AROUND 120 patients, health care workers and members of the public protested at St Paul’s Way Medical Centre, the day before the Primary Care Trust (PCT) handed it over to multinational private company Atos Origin.
Virtually every GP practice in Tower Hamlets borough in east London was represented. Two of these practices had unsuccessfully put in a bid for St Paul’s Way.
One of these practices described the sell-off as a “tragedy” and felt the bidding process didn’t seem a “level playing field”.
But, of course, if you are competing with large multinational companies with access to business facilities to produce impressive-looking bids, it won’t be.
The PCT says patients of the practice had complained about problems in the past getting to see a doctor but “from March they will be able to book appointments from eight o’clock in the morning until eight at night Monday to Friday, and 9am to 5pm on Saturday.
“There will also be a walk-in service that will allow patients to come in at any time during opening hours and see a member of the practice team”.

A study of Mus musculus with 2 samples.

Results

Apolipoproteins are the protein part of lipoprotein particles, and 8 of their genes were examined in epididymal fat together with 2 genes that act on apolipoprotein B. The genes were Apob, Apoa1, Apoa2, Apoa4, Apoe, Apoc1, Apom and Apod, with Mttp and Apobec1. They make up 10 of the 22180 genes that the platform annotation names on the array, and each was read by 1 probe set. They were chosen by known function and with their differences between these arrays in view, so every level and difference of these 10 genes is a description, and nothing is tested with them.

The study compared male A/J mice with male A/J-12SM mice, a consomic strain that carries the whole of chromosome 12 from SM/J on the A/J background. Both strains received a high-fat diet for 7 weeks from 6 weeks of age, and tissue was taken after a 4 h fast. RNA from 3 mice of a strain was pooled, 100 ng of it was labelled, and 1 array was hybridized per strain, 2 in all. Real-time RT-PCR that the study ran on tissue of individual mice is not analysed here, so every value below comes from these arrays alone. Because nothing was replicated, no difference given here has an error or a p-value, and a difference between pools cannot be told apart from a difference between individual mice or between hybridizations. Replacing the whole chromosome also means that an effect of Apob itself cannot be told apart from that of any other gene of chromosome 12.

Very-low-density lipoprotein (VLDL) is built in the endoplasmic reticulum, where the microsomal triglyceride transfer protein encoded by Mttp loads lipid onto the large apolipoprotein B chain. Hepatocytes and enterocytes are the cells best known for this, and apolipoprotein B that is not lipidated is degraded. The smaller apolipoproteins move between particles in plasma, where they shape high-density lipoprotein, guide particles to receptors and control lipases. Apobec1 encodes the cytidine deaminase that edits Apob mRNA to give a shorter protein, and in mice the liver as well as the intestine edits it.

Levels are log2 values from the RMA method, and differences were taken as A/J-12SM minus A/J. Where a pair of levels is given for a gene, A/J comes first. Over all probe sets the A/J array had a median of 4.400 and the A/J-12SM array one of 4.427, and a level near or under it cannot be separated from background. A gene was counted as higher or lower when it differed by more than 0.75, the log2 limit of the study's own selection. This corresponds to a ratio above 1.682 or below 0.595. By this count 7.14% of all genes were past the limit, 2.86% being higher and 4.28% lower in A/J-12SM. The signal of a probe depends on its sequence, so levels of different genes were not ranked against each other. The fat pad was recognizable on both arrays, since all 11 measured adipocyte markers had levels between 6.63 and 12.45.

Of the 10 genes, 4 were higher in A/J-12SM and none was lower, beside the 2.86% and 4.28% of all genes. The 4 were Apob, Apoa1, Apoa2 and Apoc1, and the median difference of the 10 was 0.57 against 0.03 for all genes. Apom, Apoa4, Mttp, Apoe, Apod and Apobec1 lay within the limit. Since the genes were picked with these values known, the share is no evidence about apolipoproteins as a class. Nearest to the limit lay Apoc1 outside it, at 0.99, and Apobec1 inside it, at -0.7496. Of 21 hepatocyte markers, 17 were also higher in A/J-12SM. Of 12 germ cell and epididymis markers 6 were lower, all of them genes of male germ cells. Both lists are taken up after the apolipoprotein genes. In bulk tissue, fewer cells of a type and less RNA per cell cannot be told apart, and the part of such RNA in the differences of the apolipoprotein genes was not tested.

But, whoever ran the surgery, this would have happened as it was part of the contract! In reality what has happened at St Paul’s Way is just part of the government’s plan to bring marketisation and privatisation into the NHS. There is now concern in Tower Hamlets for the remaining surgeries currently run by the PCT.
Maybe health secretary Alan Johnson will get his wish and Tesco, Asda and Virgin will be given a slice of our health care services – so profit can be made in one of the country’s most deprived boroughs – putting private wealth over public health.
Socialist Party member Pete Dickenson, a patient at the surgery, addressed the crowd, pointing out all the three main political parties are pro-privatisation.
People applauded when Pete said that health campaigners need to stand in election as they have done in other areas of the country – with Socialist Party member Jackie Grunsell having been elected a councillor for the Save Huddersfield NHS Campaign in Kirklees.